Californian politicians have passed a law mandating a “killswitch” in all smartphones, allowing users to remotely disable the phone if it’s lost or stolen. It’s the first such law to require such a feature to be enabled by default.
Bill 962 says all phones that are manufactured after 1 July 2015 and then sold in California must have the killswitch. Exactly how it operates is up to manufacturers, but the key requirements are that the owner must be able to remotely disable the phone; a disabled phone must remain unusable even after a hard reset; and that only the original owner can reactivate the phone on a wireless network.
The bill has exemptions meaning that the original owner loses the right to disable the phone after selling it to a new owner, or surrendering it as collateral on a loan.
Apple, Google and Microsoft have already promised to build a killswitch into their operating systems from next year, while Minnesota became the first state to mandate killswitches in May.
However, the California law goes a step further as, unlike Minnesota’s, it says phones must ship with the killswitch already enabled, with owners then having the option of disabling it. Given California is home to around an eighth of the US population, manufacturers may well decide it’s now simplest to build and enable the killswitch into all handsets shipped to the US.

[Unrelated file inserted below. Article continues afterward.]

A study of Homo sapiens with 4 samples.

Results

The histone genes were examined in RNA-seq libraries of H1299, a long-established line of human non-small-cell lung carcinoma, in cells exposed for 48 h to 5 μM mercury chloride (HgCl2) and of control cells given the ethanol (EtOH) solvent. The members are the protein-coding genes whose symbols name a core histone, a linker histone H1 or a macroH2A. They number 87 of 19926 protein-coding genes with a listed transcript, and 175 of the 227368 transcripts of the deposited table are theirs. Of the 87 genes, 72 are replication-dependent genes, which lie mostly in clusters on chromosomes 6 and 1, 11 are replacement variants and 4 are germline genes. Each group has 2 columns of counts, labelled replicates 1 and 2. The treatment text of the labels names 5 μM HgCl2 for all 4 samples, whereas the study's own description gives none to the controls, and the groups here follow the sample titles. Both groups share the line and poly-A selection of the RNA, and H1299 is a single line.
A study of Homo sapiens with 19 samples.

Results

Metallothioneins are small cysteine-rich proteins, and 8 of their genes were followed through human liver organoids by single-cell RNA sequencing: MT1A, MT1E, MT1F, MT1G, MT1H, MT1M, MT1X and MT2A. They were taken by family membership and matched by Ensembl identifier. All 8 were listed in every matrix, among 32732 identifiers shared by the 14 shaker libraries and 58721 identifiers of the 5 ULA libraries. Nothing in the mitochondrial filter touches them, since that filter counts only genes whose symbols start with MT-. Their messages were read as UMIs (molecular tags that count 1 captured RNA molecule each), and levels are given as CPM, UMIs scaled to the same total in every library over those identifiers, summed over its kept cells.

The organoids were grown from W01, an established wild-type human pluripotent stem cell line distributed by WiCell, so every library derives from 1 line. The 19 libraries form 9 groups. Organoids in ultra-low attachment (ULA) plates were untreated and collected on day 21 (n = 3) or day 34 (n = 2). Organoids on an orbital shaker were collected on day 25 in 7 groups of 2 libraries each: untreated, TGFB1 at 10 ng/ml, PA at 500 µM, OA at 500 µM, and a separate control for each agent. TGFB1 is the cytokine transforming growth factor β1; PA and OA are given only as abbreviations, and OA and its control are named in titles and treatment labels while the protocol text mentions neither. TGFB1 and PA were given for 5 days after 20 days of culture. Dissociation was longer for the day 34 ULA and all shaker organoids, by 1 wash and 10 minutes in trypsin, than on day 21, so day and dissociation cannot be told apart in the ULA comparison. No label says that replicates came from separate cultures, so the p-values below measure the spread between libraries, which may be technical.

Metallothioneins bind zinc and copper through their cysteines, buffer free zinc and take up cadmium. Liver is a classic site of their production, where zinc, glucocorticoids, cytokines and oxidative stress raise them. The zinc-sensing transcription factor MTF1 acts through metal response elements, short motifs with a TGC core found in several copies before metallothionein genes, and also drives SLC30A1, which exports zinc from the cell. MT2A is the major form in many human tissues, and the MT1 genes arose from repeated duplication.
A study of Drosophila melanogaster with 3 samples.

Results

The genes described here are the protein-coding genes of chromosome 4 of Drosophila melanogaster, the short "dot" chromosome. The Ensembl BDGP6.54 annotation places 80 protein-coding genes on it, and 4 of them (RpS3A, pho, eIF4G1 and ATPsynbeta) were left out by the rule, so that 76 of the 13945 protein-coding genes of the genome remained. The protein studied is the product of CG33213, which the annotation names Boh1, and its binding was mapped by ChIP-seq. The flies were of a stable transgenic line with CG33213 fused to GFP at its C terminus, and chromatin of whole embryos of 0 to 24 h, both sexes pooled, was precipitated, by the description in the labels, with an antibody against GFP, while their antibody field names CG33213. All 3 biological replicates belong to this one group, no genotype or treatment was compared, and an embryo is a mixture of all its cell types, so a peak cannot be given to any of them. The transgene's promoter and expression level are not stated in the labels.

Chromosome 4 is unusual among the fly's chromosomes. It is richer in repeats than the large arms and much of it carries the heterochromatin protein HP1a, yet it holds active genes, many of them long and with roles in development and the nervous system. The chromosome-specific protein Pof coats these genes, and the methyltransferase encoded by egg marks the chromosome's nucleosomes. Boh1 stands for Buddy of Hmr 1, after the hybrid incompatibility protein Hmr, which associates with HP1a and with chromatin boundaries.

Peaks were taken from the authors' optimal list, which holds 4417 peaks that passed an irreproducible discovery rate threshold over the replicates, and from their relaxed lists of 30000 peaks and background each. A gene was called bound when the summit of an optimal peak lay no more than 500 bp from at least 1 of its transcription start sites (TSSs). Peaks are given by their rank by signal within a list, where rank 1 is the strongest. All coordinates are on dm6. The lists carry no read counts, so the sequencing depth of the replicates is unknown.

The politicians behind the new law argue that it will make stolen phones less valuable, in turn deterring thefts. Several police authorities in major cities have cited statistics showing that smartphones are the target of a significant proportion of thefts in public places, particularly those involving violence or the threat of violence.
However, critics of the killswitch — including many GaS readers who’ve commented on previous stories — raise concerns that there’s a risk of public officials finding a way to force manufacturers to trigger killswitches without the user’s request, for example to shut down communications among a group of protesters.